Health Habits: Fatty Acids

What do fish, vegetable oil, soy foods, seeds, and nuts have in common?  If you answered with Omega-3 fatty acids, you are correct.  Omega-3 fatty acids help reduce risk of heart disease and other related conditions, including death.  As you may have noticed from the previous listed foods, omega-3 can be found in foods other than fish.  There are 3 types of Omega-3 fatty acids known as DHA (docosahexaenoic acid), EPA (Eicosapentaenoic acid), and ALA (alpha-linolenic acid).  Seafood such as salmon, tuna, crab, and mussels have EPA and DHA.  ALA is found in other foods such as vegetable oil and soy. 

Evidence from studies suggest that seafood sources of omega-3 should be included in a heart-healthy diet.  Inflammation in the body can damage blood vessels, leading to heart disease and stroke.  Eating rich sources of Omega-3s may help decrease inflammation.  These fatty acids may benefit the body by decreasing triglycerides, lowering blood pressure slightly, reducing blood clotting and decreasing risks of strokes and heart failure risk.  While most of the omega-3 focus tends to be on fish, it is important that we do not forget plant sources.  ALA or alpha-linolenic acid is found in plant-based foods. Flaxseed is a popular source of ALA because it is one of the richest sources and has heart-disease fighting properties.  The hull of the seed is hard to digest, so ground or milled form is ideal.  Chia seeds, walnuts, and pumpkin seeds are other good sources to include in the diet.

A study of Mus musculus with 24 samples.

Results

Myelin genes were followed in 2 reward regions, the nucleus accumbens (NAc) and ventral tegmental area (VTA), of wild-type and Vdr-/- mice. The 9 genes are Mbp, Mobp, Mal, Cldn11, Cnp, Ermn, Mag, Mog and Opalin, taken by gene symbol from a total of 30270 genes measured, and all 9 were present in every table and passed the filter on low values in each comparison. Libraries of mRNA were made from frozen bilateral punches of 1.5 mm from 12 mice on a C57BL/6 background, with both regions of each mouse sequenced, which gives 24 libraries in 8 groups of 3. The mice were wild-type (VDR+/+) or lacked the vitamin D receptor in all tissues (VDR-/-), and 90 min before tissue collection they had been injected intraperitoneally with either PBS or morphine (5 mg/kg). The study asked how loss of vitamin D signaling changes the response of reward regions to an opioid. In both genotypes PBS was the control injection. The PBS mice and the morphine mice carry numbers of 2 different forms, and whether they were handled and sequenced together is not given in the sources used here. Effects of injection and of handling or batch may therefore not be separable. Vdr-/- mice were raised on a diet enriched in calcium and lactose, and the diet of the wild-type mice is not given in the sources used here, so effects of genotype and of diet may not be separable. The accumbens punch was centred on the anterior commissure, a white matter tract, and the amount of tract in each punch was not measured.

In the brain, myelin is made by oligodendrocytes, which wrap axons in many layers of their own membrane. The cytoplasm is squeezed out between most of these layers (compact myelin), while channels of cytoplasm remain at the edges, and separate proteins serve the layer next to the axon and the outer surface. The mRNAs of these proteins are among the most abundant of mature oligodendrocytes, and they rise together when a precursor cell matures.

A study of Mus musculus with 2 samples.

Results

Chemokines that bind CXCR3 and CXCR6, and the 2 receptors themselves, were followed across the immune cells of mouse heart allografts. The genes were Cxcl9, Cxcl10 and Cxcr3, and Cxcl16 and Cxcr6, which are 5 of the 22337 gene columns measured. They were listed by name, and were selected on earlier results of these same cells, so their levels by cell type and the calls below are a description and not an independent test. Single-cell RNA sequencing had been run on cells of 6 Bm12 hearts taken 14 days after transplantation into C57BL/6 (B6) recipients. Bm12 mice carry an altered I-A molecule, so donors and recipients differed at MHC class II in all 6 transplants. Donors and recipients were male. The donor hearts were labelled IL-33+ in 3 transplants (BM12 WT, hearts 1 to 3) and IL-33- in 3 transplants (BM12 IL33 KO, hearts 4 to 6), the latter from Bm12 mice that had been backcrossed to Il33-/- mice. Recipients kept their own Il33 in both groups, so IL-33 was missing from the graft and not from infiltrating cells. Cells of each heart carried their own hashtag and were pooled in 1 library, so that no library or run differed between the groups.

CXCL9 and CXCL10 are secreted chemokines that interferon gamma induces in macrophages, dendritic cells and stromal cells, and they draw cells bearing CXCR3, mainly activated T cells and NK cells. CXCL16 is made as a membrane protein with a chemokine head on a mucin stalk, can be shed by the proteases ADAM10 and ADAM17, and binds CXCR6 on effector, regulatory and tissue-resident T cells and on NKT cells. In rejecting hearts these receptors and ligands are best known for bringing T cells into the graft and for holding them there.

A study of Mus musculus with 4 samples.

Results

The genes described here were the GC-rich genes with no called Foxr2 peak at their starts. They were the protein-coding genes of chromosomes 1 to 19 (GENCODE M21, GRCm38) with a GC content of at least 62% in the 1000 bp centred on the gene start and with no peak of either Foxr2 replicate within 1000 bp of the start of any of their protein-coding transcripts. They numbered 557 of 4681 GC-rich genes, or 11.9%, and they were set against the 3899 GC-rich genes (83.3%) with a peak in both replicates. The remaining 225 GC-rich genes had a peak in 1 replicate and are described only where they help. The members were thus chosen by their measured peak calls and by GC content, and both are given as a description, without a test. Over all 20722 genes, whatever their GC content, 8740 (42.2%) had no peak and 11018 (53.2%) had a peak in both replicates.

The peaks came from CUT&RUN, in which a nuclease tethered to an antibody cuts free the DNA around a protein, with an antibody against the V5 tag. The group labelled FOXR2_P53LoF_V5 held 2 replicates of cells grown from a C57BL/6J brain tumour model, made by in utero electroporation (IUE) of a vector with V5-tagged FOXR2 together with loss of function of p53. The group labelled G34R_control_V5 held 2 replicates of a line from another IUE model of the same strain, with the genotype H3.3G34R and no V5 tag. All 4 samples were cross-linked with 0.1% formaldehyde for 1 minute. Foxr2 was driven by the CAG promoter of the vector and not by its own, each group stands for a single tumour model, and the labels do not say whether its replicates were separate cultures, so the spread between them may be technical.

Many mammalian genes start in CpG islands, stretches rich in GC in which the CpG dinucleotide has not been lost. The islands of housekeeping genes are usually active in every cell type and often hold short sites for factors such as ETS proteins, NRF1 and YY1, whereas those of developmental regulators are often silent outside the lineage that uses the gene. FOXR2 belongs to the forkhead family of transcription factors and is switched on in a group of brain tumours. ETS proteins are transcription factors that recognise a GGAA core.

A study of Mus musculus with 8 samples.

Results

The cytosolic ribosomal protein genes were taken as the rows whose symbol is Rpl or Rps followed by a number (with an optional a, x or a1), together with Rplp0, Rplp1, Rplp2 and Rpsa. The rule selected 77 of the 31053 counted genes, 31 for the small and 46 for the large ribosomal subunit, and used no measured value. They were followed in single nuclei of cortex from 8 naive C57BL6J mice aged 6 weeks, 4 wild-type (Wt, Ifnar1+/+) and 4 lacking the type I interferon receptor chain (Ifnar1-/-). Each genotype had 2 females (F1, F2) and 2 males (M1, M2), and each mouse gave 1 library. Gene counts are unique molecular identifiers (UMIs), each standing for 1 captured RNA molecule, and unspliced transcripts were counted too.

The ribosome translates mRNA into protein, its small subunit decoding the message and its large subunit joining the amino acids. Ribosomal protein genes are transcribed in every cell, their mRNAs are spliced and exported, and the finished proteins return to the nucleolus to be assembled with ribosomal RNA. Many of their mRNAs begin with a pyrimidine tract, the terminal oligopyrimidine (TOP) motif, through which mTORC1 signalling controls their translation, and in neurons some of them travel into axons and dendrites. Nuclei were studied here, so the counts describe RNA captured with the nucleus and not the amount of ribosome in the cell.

Studies have been inconclusive regarding Omega-3 supplements.  When food is processed, nutrients tend to be lost, so whole food sources are best.  Supplements are generally used to fill in nutritional gaps.  Omega-3 fatty acids are important for fetal growth and development, so pregnant or breastfeeding women should include it in their diet. Fish such as shark, swordfish and King mackerel are high in mercury, so they should be avoided.  Women do not eat adequate amounts of fish, so prenatal vitamins with EPA/DHA are recommended to fill in for deficiency in the diet. Supplements may also benefit others such as those who do not eat fish or plant sources of Omega-3s.  Before starting any supplements, it is always recommended to speak with your physician or dietitian. 

Take a moment to review your diet and ask yourself if you are getting sources of omega-3 fatty acids daily.  If not, it may be time to consider some foods listed above.  Why is this important, you ask?  Omega-3s are essential, meaning your body cannot make them, therefore, you must eat them.  Their anti-inflammatory and heart-healthy benefits can help you live a longer and healthier life, combined with a healthy diet.  If you’re unsure about your diet, seek out a dietitian.